Religion in Review 10 May 2013
Monday 6th May
Violence in Bangladesh
Following Bangladesh’s highly controversial war tribunals, and the subsequent Shahbag vigil (read more about it here), there have been a number of protests by opposition groups. Jamaat-e-Islami (whose leaders have been arrested and put on trial) as well as Hifazat-e-Islam (a more recent lobby group) are behind the large mass protests. The Awami Government responded with deadly force. Media outlets reported between 15 and 40 killed, and a number of eye-witnesses claimed the deaths were into the hundreds. Bangladesh is not North Korea and has relative freedom of press, but the partisan nature of politics and sharp divide between secular and religious has led to fragmented and usually biased reporting emerging from the country often echoed by more reliable news outlets.
Tuesday 7th May
Church of Scotland challenges Israel
A Church of Scotland report titled the Inheritance of Abraham has put tension on the Church’s relationship with Jewish leaders. The report commented that the Bible should not be read to mean that Jews have a right to Palestine or the Levant as the theological meanings may be numerous and more metaphorical. The report also opened up the possibility of joining boycotts and disinvestments of Israel. Since then, Jewish leaders have lobbied the Church of England leading to an updated report on the Church of Scotland’s website clarifying that at no point does the Church of Scotland deny Israel’s ‘right to exist’.
Google vs Religion
The Future of Britain report conducted a survey on the British public and their levels of trust in various organisations. Perhaps unsuprisingly, the NHS was ranked the most trustworthy (37% felt the NHS had their best interests at heart) whereas Google and religious institutions both came in at 17%. Other findings from the survey revealed politicians are less trusted than utility companies and supermarkets are the fourth most trustworthy of organisations in the UK.
Wednesday 8th May
Gitmo Hunger Strikes Continue
Obama’s first presidential decree was the closure of Guantanamo Bay. One term over and it is still open. 100 prisoners (of 166) have been refusing food in protest over their treatment, continued incarceration without charges, and the way in which their Qurans were disrespected during a series of raids.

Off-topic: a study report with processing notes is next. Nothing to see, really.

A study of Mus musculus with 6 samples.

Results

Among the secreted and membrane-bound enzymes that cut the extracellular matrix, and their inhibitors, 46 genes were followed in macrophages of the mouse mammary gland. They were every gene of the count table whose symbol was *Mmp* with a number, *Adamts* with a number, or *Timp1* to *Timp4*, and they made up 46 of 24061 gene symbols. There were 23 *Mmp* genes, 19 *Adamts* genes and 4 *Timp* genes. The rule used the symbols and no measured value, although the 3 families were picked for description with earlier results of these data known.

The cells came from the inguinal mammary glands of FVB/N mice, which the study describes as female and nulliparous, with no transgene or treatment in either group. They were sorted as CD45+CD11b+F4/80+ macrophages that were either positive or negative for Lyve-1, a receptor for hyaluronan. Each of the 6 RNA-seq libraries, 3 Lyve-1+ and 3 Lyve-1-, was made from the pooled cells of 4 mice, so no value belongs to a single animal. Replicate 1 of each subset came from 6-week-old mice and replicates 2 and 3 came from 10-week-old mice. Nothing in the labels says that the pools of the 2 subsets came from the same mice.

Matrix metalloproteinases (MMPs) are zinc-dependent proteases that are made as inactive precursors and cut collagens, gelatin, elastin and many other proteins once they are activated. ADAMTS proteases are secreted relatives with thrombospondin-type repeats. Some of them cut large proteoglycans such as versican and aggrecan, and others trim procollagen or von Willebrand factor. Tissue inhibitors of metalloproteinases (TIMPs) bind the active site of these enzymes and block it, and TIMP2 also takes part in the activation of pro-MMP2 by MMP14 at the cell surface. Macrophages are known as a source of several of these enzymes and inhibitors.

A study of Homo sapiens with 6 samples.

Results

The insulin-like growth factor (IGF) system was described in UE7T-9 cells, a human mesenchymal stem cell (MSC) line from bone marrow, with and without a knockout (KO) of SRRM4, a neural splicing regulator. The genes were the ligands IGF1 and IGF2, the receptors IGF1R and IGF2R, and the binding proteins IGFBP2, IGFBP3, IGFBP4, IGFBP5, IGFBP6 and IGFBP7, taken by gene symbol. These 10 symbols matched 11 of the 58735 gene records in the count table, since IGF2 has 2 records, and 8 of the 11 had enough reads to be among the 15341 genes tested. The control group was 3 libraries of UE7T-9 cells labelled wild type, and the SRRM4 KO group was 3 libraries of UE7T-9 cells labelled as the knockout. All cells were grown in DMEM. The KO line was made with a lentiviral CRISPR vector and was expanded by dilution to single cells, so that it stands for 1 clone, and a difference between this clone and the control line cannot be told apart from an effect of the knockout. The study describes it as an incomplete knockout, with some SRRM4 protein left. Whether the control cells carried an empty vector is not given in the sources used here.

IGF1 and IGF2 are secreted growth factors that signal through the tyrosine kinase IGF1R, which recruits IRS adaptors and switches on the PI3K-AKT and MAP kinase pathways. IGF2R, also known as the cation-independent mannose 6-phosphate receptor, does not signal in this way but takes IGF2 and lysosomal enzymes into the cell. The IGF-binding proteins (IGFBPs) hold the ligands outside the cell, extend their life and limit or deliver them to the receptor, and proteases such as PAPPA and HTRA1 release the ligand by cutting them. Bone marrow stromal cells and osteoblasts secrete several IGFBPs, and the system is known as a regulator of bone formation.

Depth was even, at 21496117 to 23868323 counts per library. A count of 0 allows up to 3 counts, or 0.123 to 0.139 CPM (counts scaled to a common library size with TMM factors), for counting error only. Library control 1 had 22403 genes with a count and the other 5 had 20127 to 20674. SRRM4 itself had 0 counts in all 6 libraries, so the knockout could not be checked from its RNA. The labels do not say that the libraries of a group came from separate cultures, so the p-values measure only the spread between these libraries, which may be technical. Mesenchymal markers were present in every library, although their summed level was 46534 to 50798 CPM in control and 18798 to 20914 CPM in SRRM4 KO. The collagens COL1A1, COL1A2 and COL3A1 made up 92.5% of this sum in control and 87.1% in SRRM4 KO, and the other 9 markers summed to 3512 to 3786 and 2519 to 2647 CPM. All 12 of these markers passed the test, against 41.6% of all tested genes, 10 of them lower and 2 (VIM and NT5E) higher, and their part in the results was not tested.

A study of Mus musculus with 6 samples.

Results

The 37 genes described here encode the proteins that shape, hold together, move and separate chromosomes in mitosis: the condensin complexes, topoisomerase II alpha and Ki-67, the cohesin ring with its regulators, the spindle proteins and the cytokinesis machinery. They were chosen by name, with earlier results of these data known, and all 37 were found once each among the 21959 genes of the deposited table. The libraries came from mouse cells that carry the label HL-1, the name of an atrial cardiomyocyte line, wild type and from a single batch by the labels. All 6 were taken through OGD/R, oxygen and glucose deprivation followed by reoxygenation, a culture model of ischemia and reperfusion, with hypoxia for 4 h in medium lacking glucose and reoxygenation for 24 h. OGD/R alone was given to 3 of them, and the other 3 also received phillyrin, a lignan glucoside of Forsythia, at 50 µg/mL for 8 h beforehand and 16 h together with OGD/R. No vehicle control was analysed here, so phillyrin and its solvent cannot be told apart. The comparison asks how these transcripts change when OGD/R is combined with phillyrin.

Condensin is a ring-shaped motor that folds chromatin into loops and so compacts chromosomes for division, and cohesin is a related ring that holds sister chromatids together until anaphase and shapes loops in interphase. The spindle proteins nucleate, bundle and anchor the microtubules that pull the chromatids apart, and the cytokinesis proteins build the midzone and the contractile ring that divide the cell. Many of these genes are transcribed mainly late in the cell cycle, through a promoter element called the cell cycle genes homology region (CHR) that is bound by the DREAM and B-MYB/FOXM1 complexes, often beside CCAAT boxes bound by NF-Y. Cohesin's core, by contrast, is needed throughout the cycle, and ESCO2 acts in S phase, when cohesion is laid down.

Re-Writing the King James Bible
A New York Christian is finishing his handwritten copy of the King James Bible after four years of intense work. Phillip Patterson took on the project after being inspired by the Islamic tradition of writing out the Quran by hand, a task often used to demonstrate perfect memorisation of the Quran. Mr Patterson will complete his copy of the Bible in St Peters Presbyterian Church in New York on the 11th May at a public ceremony.
Thursday 9th May
Imran Khan injured during campaigns
The Pakistani general elections take place on the 11th May 2013. The three key parties are the Pakistani People’s Party led by Bilawal Bhutto Zadari, the Pakistan Muslim League led by Nawaz Sharif and Pakistan Tehreek-e-Insaf (Pakistani Movement for Justice) led by former cricketer Imran Khan. Despite being underdogs, popular support for Imran Khan and his party is wide and growing. During the election campaign, he fell from a podium and suffered concussion.
Dalai Lama speaks out against Islamophobic violence
Speaking at Maryland University, the Dalai Lama spoke out against the Buddhist-led violence against Muslims in Myanmar. The spiritual leader’s silence has been subject to criticism, especially following violent riots in March and April. The Dalai Lama said it was ‘unthinkable’ to kill in the name of religion.
Friday 10th May
In 1984, following the assassination of India’s Prime Minister Indira Gandhi by her Sikh bodyguard, India witnessed one of its most barbaric moments of inter-communal strife. Hindus took to the streets and, in what is now called the ‘anti-Sikh riots’, killed over 3000 Sikhs. Trials are currently taking place and thus far three have been convicted with life sentences and a further two with lesser prison terms. Sajjan Kumar, then an Indian politician, was implicated in inciting mobs to attack Sikh communities. The US-based lobby group have offered $1 million in the hope that it will break the wall of silence that has surrounded the 1984 anti-Sikh riots.
…and a round up of our favourite blogs: –
Joseph Harker argues ‘It’s time to face up to the problem of sexual abuse in the white community’ in a satirical article that challenges the presumed racial stereotypes applied in other cases.
Lucia Hulsether asks Can Interfaith Dialogue Cure Religious Violence? in a column that seeks provides a deeper look at what interfaith can, and should be about and perhaps more importantly, what it shouldn’t be.